The latest extension of Kenneth Starr's Whitewater investigation, now encompassing the sexual activities of a sitting president, is raising questions about how wide a net a special prosecutor can cast.
When Mr. Starr began his investigation of Bill and Hillary Clinton 3-1/2 years ago, the singular focus was on potentially illegal transactions related to a 1980s Arkansas real-estate deal.
Since then, his $34 million probe has expanded three times to include the suicide of Clinton aide Vince Foster, the use of FBI files, and the firing of White House travel office employees.
This latest turn in the Whitewater investigation has prompted some Democrats to claim Starr's mission is a bald effort to use his powers bring down the president.
Other observers question his legal strategy. "Many prosecutors would think this is a risky area of investigation," says Lawrence Walsh, independent counsel in the Iran-contra investigation. Mr. Walsh didn't reveal information about the sexual lives of those he investigated. "I don't understand the relevance of it," he says.
Last spring, the Starr investigation shifted to encompass possible sexual improprieties of Mr. Clinton when he was governor of Arkansas. The Washington Post quotes two Arkansas state troopers who were asked by Whitewater investigators if they knew of extramarital affairs Clinton may have had. The purpose: To seek out those with whom Clinton may have had intimate discussions about Whitewater.
But some observers are asking if this line of investigation, and wrongdoing that stems from it, is a justified departure from the original investigation?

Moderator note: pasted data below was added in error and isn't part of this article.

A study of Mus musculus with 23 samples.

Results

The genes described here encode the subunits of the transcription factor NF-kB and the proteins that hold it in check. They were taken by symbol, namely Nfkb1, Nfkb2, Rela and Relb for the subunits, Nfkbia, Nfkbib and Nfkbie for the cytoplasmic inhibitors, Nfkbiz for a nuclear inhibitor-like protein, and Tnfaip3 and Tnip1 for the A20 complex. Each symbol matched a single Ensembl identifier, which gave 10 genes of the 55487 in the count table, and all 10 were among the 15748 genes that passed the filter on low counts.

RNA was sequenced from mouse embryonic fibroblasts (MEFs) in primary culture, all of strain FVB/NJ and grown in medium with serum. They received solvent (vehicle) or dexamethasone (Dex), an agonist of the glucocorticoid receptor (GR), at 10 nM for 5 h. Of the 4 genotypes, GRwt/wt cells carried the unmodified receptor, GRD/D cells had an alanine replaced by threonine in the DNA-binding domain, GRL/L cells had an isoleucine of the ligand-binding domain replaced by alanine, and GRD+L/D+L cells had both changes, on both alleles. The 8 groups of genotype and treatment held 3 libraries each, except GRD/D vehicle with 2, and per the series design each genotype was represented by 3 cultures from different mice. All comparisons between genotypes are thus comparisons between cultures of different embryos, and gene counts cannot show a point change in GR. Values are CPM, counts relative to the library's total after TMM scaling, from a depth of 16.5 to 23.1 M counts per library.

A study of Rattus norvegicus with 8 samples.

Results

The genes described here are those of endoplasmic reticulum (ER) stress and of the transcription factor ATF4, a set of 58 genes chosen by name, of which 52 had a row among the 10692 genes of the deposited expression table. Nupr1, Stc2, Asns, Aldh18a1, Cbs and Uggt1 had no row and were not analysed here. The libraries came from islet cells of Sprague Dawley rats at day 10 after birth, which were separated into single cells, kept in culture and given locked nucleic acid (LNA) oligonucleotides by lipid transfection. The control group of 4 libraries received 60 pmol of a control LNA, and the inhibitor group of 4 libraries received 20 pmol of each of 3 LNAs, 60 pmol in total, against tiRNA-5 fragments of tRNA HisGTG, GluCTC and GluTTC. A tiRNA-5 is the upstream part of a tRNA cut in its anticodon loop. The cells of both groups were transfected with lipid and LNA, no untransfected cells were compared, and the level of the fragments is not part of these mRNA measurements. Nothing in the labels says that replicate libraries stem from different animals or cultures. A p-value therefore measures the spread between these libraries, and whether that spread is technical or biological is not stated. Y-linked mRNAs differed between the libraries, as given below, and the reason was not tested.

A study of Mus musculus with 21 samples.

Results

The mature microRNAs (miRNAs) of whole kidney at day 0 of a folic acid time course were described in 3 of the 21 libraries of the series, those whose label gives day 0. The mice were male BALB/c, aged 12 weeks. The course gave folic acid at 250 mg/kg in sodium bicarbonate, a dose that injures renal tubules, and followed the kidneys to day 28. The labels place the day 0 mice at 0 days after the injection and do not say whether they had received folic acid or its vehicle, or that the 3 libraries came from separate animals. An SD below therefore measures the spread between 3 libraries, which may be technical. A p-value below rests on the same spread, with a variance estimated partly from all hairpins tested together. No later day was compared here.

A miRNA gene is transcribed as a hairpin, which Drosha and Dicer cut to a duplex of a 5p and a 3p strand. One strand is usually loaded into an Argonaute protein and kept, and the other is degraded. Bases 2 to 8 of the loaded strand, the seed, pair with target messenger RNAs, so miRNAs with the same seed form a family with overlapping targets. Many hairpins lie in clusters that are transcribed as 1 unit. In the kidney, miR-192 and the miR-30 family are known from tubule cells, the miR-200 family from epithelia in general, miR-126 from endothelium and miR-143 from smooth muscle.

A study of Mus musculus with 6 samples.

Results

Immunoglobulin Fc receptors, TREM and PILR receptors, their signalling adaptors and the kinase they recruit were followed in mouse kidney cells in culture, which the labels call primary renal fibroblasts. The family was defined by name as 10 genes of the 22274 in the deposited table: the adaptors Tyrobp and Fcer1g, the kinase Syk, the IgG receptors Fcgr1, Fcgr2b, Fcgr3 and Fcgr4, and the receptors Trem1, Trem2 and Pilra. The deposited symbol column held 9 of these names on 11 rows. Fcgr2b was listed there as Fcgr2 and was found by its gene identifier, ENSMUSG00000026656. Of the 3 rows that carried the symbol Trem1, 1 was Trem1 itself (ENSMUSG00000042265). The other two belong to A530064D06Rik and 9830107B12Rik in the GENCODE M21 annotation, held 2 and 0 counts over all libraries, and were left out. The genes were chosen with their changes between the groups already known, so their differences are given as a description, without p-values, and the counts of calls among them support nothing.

"It is rare in life that the ends justify the means," says Stephen Hess of the Brookings Institution. "For many of these [special prosecutors], this is quite a meal ticket. The law gives them an unlimited time to go after a person, with an unlimited budget."
Moreover, Mr. Hess says that Starr attempted to resign last year, a move that resulted in harsh criticism. "So there is even personal pressure on him to prove something," he says.
But others say Starr's approach is justified. "It is time to hold government accountable and accountability must start at the top," says Larry Klayman, chairman of Judicial Watch, a conservative legal group.
Starr denied yesterday that he has a personal or political agenda: "We're acting properly and within our jurisdiction."
A week and a half ago, Starr was approached by Linda Tripp, a former White House aide who had taped some 17 phone conversations with former White House intern Monica Lewinsky. The tapes allegedly outline details of a 1-1/2-year affair Ms. Lewinsky had with Clinton. The tapes are also said to allege Clinton and confidante Vernon Jordan persuaded Lewinsky to lie, telling her to deny in a legal affidavit given to Paul Jones's attorneys that she had an affair with the president.
Late last week, Starr successfully sought approval to expand his investigation. But before getting that approval, Starr placed a hidden microphone on Linda Tripp with the help of the FBI. In a meeting last week in Washington, she secretly recorded a final conversation with Lewinsky as the FBI photographed the two.
Some observers have questioned legality of the taping, saying it smacks of entrapment. "It is kind of strange and strikes me as a set up," says Prof. Stephen Wayne of Georgetown University.
Last summer, members of the American Bar Association discussed lobbying for curbs on the independent counsel's powers.
On Capitol Hill, House Judiciary Committee Chairman Henry Hyde (R) of Illinois says it is "premature" to talk about impeachment. "These are very serious allegations.... The office of the independent counsel is the most appropriate venue."
But Rep. Bob Barr of Georgia is redoubling efforts to force the Judiciary Committee to begin an impeachment inquiry. "For those in the House who have been waiting for a smoking gun, both barrels are smoking," he says.
* Lawrence J. Goodrich contributed to this report.